Not too long ago a friend of mine wondered why, in Johnny’s world, they travel around just in flying boats. Why no ordinary airplanes that land on normal runways with rubber tires?
Well, I never said in the book that there weren’t airplanes like that. But in the 1920s and 1930s, in the real world, most of the great international air routes were handled by flying boats much like the Como Eagle that Johnny flies in. These magnificent machines started going out of style and by the 1950s weren’t much used for passenger travel. So they’ve come to represent a time when international flight was more glamorous and exciting. At least that’s how I feel. I mean, how much cooler is a Como Eagle (based on the famous Pan Am Clipper of the 1930s) than a 757 or an Airbus?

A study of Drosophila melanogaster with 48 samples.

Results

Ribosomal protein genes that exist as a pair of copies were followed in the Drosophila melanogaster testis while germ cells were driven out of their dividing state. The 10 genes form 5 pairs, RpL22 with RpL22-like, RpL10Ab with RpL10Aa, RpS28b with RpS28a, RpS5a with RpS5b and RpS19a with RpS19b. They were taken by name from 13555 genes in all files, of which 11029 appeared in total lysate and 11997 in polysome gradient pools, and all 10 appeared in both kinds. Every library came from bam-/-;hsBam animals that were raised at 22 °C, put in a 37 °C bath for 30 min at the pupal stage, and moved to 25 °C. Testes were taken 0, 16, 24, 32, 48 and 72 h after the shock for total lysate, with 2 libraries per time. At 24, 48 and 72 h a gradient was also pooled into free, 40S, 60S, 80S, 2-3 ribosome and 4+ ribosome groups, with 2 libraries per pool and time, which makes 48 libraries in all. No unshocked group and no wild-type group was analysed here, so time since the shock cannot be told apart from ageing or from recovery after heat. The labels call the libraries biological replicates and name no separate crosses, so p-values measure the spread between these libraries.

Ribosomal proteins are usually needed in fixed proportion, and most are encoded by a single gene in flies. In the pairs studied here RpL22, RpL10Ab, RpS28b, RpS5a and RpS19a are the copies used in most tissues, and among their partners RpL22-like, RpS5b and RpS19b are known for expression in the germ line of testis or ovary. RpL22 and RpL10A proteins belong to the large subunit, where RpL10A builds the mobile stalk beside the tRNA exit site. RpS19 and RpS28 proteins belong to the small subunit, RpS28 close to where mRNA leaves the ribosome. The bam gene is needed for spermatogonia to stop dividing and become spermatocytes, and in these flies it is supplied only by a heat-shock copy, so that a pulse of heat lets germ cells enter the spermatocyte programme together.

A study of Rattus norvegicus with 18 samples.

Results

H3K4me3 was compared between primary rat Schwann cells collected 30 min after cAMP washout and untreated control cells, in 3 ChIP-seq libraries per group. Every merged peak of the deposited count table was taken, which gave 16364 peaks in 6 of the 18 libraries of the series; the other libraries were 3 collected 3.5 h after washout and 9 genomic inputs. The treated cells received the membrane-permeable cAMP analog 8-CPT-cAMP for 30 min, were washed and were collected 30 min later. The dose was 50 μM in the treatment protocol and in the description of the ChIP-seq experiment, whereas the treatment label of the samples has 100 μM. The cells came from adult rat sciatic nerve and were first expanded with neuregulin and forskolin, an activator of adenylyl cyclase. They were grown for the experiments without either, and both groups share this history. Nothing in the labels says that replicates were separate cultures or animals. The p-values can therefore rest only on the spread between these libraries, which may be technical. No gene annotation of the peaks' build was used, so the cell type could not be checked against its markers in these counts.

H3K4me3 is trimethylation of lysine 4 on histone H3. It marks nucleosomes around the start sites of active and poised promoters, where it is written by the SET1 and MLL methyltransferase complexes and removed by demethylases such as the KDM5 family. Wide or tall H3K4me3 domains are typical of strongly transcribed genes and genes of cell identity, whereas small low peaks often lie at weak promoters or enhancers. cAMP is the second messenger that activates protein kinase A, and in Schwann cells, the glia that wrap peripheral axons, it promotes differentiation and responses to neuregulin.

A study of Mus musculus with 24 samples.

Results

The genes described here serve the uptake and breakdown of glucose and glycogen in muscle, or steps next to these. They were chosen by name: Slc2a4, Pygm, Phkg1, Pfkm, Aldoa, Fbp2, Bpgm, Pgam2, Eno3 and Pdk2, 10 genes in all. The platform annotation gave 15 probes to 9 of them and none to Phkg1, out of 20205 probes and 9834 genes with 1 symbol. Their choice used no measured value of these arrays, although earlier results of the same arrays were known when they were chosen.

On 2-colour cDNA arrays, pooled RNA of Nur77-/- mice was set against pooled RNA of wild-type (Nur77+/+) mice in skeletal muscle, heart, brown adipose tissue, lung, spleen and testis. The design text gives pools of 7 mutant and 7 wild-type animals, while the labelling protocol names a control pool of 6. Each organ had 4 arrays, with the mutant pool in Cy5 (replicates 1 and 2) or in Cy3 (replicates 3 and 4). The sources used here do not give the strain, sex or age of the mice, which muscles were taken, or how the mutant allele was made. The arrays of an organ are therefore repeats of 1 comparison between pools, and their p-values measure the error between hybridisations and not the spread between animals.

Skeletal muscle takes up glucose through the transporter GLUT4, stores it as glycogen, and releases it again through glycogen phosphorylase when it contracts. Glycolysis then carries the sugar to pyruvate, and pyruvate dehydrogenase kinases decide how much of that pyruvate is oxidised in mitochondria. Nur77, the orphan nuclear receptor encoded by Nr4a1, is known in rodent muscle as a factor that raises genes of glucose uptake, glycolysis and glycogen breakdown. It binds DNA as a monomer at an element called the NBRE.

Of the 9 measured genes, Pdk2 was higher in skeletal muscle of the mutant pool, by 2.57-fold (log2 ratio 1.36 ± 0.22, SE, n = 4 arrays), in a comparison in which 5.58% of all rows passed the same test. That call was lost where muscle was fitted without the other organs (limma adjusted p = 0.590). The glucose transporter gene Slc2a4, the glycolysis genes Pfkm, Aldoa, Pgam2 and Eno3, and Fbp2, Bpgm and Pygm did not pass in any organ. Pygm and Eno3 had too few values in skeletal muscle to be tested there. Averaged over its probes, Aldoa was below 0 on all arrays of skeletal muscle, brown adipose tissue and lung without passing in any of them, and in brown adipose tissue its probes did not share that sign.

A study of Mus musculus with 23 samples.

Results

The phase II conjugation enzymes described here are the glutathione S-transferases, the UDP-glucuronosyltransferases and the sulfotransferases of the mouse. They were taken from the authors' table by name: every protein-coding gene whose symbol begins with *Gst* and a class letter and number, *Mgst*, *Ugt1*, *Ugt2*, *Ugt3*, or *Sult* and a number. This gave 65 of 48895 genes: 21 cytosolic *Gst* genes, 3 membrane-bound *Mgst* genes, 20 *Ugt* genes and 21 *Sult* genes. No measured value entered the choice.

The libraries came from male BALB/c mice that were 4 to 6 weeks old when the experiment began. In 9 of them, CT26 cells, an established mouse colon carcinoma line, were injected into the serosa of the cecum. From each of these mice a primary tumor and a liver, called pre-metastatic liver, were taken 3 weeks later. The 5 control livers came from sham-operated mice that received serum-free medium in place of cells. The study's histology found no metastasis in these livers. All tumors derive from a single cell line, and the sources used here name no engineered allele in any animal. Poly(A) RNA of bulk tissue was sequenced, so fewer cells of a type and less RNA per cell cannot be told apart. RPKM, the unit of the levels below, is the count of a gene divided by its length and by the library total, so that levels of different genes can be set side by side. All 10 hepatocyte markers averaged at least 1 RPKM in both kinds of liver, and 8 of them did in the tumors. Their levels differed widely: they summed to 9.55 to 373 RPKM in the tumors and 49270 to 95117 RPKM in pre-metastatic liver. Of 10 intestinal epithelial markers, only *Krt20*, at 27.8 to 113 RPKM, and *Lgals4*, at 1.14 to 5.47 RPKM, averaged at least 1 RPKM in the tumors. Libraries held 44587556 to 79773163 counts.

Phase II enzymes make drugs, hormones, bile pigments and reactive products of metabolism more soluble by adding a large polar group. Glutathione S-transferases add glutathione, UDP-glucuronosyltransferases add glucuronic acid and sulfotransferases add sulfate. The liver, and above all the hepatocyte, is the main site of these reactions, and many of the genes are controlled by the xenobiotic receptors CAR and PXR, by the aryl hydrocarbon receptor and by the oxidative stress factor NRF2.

And there’s another, more personal reason why I’m fond of these great old aircraft.
When I was just a little kid my parents and I would go on fishing trips. On a few of those trips we flew into remote lakes that could only be gotten to by air. And this is one of the aircraft we flew on.
It’s called a Seabee and it’s a flying boat, though a small one. And it’s a flying boat because the bottom of the aircraft is actually a boat hull.
Our pilot was a man named Warren LaPanta and I was agog at how busy he got during the incredibly noisy, bouncy takeoffs–madly pumping pedals, gripping the yoke (steering wheel) in one hand, and turning a crank above his head with the other. After flying with Warren several times, I determined that bush piloting was the dream career for me. Of course, I changed my mind a year or two later. Still, those four or five round-trips with Warren–among the earliest airplane rides of my life–remain vivid in my memory.
One thing’s for sure. That little rattletrap Seabee cemented my love of flying boats forever.